If you’ve ever been in one, you’ll remember they’re usually big. The design is formal, barren, and plain. The judge always sits on a raised desk behind a solid slab of granite. The judge also wears a black robe.
Obviously, all the trappings project power and stability. When I was a young lawyer, it sometimes bothered me that the judges used these trappings of power as if they were their own. As I got older, I realized how important these symbols were and it didn’t bother me as much. Because even the most violent of men would become calm when they entered the courtroom. It was an amazing transformation. Why? Because of all the symbols of power and control.
Which brings us back to the robes. In Minnesota where I practice, the judges wear a plain black robe that is pleated at the shoulders and hangs down below the knees. It has a V-collar with a zipper front. There’s no other ornamentation on their robes.
Some of the first robes for the judiciary were recorded in paintings by the Spanish master, Velasquez, in the 1600’s. He painted judges wearing either black or red robes. In the 1500’s in England, judges not only wore robes, they also wore long wigs. Even today, in Great Britain, the judges still wear wigs in criminal trials and the lawyers wear the smaller wigs. In Italy and Portugal, both judges and lawyers wear robes in court.
Interestingly, in China up until 1984, judges wore street clothes—perhaps a result of Mao’s efforts to bring everyone down to the same socio-economic level. In 1984, they changed to clothing that resembled a military uniform. (Scary!!) Since 2000 the Chinese judges now wear black robes. It’s also interesting to note that since 2000, the Chinese have consulted with many Western courtroom experts and law professors to try to make their system more like the Western courts. That’s another subject for a blog in the future!!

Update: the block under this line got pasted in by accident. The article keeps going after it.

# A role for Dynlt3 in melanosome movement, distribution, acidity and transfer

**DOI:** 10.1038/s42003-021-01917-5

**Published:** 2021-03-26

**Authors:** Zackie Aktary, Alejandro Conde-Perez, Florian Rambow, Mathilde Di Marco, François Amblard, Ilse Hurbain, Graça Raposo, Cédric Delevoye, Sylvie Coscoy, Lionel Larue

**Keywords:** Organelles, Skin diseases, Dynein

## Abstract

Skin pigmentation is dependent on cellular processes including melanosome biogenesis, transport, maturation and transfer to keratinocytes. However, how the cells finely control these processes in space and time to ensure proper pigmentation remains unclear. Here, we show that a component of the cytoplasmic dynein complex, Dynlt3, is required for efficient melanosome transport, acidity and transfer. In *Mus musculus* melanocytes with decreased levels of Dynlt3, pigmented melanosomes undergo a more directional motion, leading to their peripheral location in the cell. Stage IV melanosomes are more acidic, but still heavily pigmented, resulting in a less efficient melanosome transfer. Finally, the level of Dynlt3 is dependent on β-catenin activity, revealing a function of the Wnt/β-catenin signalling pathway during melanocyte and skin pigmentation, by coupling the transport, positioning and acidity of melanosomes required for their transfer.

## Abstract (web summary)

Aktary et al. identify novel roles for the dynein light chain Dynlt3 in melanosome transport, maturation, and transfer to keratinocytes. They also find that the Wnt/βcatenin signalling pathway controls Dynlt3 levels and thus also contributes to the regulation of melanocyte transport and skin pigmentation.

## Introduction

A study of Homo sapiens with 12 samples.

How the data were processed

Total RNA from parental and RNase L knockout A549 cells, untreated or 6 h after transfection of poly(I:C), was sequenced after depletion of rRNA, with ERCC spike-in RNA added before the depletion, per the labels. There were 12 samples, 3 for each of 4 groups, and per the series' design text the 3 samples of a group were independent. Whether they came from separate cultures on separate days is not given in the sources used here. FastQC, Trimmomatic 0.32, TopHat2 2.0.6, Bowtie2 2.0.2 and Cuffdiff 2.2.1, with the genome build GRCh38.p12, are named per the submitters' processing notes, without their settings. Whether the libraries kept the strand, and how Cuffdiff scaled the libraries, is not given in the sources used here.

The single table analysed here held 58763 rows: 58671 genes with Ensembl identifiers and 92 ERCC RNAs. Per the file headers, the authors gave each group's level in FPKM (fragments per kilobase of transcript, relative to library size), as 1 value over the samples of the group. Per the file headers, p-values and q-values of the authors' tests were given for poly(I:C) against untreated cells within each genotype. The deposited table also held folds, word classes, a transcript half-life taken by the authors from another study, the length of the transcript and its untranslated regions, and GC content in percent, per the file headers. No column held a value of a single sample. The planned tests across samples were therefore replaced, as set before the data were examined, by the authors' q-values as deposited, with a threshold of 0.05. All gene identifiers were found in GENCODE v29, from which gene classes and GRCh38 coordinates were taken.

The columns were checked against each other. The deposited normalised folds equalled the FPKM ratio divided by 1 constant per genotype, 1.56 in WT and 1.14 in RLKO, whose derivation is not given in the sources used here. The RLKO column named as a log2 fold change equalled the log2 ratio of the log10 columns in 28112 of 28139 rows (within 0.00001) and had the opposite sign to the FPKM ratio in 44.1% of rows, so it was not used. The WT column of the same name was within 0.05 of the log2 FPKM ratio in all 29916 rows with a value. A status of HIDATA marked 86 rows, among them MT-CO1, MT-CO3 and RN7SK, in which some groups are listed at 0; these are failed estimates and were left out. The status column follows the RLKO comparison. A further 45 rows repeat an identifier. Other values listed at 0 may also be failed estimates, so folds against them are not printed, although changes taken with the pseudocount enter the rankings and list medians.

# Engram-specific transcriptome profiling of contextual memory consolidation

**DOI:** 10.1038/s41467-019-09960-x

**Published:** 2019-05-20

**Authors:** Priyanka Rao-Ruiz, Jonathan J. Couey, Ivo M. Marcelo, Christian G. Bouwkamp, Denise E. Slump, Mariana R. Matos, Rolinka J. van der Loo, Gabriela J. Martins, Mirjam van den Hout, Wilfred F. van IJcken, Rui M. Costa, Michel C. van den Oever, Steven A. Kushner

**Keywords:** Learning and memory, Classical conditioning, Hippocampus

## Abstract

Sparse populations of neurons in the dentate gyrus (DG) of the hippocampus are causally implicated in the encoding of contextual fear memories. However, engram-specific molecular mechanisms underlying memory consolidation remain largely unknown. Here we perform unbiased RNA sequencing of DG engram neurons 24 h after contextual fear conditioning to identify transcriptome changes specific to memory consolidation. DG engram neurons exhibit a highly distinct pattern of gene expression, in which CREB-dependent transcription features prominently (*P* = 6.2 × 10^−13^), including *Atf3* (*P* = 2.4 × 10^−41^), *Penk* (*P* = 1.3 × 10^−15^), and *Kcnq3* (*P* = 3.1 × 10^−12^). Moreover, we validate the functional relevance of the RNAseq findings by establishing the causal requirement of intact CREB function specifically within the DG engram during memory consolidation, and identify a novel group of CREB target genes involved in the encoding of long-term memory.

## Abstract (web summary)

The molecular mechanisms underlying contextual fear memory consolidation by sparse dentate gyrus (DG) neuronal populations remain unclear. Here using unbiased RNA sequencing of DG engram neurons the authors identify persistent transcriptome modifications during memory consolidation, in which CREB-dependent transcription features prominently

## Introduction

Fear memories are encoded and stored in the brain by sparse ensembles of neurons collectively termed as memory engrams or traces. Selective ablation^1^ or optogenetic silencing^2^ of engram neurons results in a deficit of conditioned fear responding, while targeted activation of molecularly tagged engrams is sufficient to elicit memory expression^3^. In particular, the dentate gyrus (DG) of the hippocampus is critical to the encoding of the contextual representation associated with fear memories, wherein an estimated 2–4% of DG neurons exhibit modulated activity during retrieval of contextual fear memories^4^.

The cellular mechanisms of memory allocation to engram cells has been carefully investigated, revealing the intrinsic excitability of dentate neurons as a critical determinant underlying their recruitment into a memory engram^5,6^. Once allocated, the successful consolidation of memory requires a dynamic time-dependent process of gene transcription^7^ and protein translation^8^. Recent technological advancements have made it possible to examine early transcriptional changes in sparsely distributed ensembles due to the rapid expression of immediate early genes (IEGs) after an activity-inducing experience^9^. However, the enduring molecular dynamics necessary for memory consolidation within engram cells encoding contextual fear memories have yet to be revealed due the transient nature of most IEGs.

So, what do judge in the U.S. wear under their robes?
Most are quite formal and wear white shirts with neckties or blouses for female judges. Sometimes, in the summer, a judge will wear a golf shirt or a t-shirt and put the robe on over these items. When they’re on the bench, it’s hard to tell they’re dressed so casually. Then, there’s the story of a female judge I once saw running for the elevator on a hot summer day.
The judges had parking privileges in the basement of the Government Center where the courtrooms were located. They could park underneath, take a back elevator, and come around behind the clerk’s desks to reach the elevators to their courtrooms. I was walking in the opposite direction one afternoon when I saw a female judge hurrying from the parking lot. She had bare legs, sandals, bare arms, and a bare neck under the V-collar. She ran past me on her way to the elevator. I’ve often wondered what she was wearing—-if anything—under her robe that day. It sure looked suspicious!